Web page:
Adrienne Surprenant /MYOP

Humanitarian response for Ukrainian refugees urgently needs to consider gender-specific risks such as trafficking and abuse

With more than 1.8 million people having fled Ukraine to Poland in less than three weeks, the humanitarian organization CARE International warns of serious protection risks that refugees, especially women and girls travelling alone, are facing.
CARE’s humanitarian experts undertook a Rapid Gender Analysis in Poland to gain a better understanding of the gender-specific needs of refugees and to inform the humanitarian response. One of the main findings concerns the situation at border crossings: "Access to many of these crossings isn’t restricted, so one finds a lot of individuals – observed to be nearly exclusively men – gathered there offering refugees free rides to private accommodation in Polish and other European cities," tells Siobhán Foran, main researcher for the analysis. 
While the majority of volunteers may have only the best intentions, this volatile situation causes major concerns for the safety of disoriented, often traumatized refugees, many of them single women and underage girls, warns CARE. "Uncontrolled access to, and exit from, these sites present the perfect conditions to attract human traffickers," warns Foran. "The Polish authorities need to urgently start to register names and car plate numbers as well as details of those who transport refugees to another location." 
CARE’s report also reveals a significant data gap concerning the fast and steady influx of refugees to Poland. At the border crossings, there is no registration process. This allows for quick onwards travel but proves to be a challenge for short- and long-term humanitarian planning, as well as tracing and reunification efforts. Data sets disaggregated by sex, age, disability, and other factors are essential to plan adequate and customized humanitarian aid. 
CARE warns that any long-running conflict increases the risk of exploitation and human trafficking. "When populations rely on other people to fulfill their basic needs, this can make them extremely vulnerable to various forms of abuse, exploitation and trafficking," notes CARE’s expert Siobhán Foran. "We’ve seen this in other conflict situations such as Yemen, Afghanistan, Venezuela and Syria, and anywhere where there is a power imbalance and a great humanitarian need, there will be people taking advantage."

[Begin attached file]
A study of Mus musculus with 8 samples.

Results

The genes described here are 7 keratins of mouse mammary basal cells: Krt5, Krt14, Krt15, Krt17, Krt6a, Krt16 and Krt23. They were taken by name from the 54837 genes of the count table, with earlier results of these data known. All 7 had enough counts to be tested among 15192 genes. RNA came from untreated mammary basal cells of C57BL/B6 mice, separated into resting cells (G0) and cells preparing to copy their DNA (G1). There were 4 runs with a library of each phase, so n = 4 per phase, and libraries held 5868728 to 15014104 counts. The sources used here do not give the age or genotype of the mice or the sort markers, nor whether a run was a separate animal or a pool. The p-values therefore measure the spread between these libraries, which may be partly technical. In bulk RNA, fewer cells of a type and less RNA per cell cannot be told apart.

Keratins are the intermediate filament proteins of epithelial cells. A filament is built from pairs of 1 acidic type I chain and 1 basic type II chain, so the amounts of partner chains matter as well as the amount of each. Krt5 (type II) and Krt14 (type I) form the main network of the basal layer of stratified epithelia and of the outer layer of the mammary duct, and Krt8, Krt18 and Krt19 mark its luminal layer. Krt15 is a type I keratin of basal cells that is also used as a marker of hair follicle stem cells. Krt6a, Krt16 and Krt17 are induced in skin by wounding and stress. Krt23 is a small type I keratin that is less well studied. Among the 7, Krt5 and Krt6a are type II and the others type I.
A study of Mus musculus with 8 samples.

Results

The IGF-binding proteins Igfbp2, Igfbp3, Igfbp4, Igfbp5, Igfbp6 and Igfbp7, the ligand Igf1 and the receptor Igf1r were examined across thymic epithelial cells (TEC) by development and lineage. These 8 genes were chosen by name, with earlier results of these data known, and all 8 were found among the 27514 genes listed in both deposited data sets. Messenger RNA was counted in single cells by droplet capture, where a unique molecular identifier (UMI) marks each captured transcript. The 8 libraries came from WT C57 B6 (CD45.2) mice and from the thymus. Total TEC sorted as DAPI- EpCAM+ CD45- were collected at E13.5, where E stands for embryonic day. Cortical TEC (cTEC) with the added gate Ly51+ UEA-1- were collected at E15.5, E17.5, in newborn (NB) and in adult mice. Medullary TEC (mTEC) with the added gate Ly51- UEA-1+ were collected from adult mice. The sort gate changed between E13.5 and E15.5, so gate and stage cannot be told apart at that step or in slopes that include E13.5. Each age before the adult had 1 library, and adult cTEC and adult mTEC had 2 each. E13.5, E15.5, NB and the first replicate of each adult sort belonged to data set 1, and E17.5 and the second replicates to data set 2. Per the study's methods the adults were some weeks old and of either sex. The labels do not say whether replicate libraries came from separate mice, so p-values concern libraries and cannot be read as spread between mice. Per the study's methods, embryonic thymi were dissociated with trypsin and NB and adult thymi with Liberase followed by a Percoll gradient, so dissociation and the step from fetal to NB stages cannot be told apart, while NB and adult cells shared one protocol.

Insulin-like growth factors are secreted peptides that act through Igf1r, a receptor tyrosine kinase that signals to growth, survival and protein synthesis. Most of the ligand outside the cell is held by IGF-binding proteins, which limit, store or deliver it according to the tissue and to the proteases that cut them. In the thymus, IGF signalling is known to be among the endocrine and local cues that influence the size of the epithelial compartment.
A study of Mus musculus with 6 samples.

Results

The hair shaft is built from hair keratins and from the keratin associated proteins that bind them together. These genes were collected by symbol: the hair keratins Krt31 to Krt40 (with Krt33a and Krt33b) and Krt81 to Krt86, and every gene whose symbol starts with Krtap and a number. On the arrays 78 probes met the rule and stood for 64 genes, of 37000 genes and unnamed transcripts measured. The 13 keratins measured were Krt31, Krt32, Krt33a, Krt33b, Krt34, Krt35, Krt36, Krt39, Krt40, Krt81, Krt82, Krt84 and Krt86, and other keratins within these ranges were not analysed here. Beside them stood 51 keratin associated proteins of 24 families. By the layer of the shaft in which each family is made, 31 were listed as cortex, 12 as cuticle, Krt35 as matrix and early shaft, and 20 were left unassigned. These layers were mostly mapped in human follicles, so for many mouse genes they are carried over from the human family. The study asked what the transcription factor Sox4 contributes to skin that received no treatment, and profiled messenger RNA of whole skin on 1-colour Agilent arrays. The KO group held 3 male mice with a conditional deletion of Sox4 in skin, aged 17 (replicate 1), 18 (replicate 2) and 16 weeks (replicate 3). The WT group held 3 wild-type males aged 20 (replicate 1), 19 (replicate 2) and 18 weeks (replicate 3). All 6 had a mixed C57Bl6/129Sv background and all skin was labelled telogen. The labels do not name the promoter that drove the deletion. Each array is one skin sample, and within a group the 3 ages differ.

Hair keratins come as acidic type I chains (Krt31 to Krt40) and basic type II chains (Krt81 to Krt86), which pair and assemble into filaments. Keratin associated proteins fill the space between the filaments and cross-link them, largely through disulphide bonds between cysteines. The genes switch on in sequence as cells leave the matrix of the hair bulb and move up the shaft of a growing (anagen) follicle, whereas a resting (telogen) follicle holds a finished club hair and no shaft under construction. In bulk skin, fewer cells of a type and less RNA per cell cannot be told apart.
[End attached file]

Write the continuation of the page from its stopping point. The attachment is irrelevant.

The full CARE Rapid Gender Analysis report is available here.
About CARE: Founded in 1945, CARE is a leading humanitarian organization fighting global poverty. CARE has more than seven decades of experience helping people prepare for disasters, providing lifesaving assistance when a crisis hits, and helping communities recover after the emergency has passed. CARE places special focus on women and children, who are often disproportionately affected by disasters. To learn more, visit

As part of the Ukraine response, CARE International is currently partnering with People in Need, one of the largest non-governmental organisations in Eastern Europe and has provided humanitarian aid in the affected regions of Ukraine since the beginning of the conflict in 2014. CARE is also working with its long-term partner of 20 years SERA - a child protection focused organization - in Romania to deliver assistance to those fleeing into Romania from Ukraine. In addition, CARE is coordinating with aid organizations in Ukraine and neighbouring countries to scale up the humanitarian response where our expertise can be of added value.